Taliban bans lecturers from using certain Persian words

Kabul University. Photo: Reuters

The Taliban-run Ministry of Higher Education has sent a letter to Kabul University’s directorate asking lecturers to avoid the use of certain Persian words in their research papers, books and other written work and to use the full title of “national and religious” figures.

The letter, dated 27 May, 2023, confirmed by a source from the office of Taliban spokesman for the Ministry of Higher Education, said Persian words for instance for “university, court, faculty, student, and others,” as well as some Pashto words, should not be used as they were “imported words from other languages” and that “national words” should be used instead.

Taliban letter sent to Kabul University’s directorate on May 27.

Lecturers have also been asked in the letter to use “with full respect” names of national and religious figures such as Sayed Jamaluddin Afghan and Ahmad Shab Baba and others in their research and written work.

Taliban has also asked university lecturers to make sure they have full command of Farsi and Pashto and that they should have research and written work in both languages.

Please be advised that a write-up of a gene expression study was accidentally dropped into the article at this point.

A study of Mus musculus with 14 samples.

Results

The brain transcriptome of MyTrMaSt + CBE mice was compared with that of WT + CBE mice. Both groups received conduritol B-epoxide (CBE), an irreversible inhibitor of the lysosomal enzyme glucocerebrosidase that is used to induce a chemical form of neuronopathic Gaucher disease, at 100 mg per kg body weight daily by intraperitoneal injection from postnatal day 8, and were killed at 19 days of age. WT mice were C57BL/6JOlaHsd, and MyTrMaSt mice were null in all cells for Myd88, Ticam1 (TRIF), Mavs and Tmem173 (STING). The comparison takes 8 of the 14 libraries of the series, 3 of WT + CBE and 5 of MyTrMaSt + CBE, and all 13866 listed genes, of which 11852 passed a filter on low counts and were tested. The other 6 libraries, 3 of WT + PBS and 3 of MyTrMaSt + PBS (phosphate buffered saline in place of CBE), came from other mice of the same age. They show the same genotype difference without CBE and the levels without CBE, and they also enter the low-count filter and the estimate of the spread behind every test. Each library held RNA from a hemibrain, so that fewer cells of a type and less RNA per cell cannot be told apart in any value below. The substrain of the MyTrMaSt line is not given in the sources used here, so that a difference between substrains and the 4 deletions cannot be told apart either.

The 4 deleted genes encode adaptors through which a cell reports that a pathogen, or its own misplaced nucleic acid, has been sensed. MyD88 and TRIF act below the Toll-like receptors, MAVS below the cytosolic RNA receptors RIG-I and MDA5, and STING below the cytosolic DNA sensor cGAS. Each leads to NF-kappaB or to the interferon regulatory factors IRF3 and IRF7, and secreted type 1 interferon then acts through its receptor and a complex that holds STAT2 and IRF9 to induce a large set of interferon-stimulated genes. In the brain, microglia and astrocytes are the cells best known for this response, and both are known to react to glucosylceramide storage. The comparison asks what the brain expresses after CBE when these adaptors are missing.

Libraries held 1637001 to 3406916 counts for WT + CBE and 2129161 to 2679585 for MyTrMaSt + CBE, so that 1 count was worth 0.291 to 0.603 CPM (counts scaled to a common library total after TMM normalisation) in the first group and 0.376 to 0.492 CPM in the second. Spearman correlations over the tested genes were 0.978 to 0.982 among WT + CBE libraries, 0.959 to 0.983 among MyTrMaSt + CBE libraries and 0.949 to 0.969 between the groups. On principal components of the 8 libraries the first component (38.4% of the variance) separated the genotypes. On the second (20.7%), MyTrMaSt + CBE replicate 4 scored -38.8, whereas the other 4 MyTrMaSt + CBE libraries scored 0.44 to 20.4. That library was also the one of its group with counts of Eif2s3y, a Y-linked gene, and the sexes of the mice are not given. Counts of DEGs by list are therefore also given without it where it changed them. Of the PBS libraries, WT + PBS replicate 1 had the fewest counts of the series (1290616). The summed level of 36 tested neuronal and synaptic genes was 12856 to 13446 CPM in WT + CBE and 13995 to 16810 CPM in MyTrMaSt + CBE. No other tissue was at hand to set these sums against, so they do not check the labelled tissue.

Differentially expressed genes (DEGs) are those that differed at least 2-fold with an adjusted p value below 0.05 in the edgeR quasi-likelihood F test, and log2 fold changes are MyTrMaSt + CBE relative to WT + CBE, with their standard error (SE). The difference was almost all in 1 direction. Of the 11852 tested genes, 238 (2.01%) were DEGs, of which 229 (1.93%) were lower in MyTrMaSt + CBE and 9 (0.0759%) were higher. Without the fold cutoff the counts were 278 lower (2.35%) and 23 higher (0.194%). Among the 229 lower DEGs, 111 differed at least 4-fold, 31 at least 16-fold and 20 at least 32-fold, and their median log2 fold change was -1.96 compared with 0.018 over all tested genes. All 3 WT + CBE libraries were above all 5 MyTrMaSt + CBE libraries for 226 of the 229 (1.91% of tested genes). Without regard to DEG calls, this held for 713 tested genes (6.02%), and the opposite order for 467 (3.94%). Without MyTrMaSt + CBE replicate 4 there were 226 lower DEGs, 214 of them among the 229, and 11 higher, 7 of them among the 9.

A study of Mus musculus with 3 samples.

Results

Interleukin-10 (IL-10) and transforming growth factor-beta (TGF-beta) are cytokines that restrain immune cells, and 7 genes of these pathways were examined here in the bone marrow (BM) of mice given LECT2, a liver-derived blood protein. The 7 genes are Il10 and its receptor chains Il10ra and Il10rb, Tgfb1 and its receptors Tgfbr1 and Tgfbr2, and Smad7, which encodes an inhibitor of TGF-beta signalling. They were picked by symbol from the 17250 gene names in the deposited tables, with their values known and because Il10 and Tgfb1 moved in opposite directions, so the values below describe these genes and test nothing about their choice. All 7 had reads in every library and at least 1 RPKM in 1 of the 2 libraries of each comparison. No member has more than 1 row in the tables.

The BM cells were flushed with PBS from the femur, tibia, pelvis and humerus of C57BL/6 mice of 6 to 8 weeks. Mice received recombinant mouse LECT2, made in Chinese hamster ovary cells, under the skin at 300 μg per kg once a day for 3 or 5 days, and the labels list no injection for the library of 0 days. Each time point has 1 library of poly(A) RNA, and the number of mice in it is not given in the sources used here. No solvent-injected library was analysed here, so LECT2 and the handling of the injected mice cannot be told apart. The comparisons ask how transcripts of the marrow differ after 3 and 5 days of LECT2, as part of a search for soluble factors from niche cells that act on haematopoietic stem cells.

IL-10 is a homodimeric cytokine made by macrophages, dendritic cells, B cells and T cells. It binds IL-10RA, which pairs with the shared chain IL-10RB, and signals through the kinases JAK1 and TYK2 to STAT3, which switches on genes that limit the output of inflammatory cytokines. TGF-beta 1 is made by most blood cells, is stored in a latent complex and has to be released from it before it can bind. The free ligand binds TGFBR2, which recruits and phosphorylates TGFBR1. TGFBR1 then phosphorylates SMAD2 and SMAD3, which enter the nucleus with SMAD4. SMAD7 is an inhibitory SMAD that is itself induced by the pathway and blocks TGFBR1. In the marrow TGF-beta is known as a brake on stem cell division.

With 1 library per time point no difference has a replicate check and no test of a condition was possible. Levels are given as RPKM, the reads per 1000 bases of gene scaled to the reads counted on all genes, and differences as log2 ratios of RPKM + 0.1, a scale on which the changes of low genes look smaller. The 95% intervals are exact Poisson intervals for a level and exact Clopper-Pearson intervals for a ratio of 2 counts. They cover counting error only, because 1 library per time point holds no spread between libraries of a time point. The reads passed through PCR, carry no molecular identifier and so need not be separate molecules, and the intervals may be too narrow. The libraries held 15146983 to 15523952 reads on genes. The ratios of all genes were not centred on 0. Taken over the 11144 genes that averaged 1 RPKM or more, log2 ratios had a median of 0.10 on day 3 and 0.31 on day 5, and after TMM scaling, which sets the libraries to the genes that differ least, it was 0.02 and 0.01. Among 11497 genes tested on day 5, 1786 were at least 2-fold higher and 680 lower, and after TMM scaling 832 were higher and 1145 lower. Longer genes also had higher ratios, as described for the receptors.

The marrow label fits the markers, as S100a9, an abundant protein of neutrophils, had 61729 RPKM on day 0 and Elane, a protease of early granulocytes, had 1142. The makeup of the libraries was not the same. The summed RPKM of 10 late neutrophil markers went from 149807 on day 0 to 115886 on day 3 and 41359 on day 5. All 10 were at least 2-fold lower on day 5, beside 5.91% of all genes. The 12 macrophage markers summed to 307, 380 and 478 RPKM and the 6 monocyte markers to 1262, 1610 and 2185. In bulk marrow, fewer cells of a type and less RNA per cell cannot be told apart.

“We respect all languages in the country but the fact that a big part of the country’s citizens are communicating in Pashto and Dari (Farsi), therefore, every lecturer must have full comprehension of both languages, should be able to write research [papers], speak and give lectures [in both languages]. This principle needs to be observed thoroughly,” says the letter.

The use of a Farsi word for university, student, court, judge and others has been an issue for many years in the country. In 2011, it led to protests at Kabul University.

Taliban removed the Farsi word of university, or “danishgah” from the banner of Balkh University just months after returning to power in Afghanistan.

A number of writers said that the letter shows that Taliban is trying to fuel discrimination and it is disrespectful of all Farsi speakers.

This is the first time that lecturers at public universities have been asked to make sure they are fluent in both national languages.

Under the previous governments, the law of higher education said that higher education in Afghanistan can be carried out in two official languages and that teachers in Farsi-speaking provinces can teach in Farsi and teachers in Pashto-speaking provinces can teach in Pashto.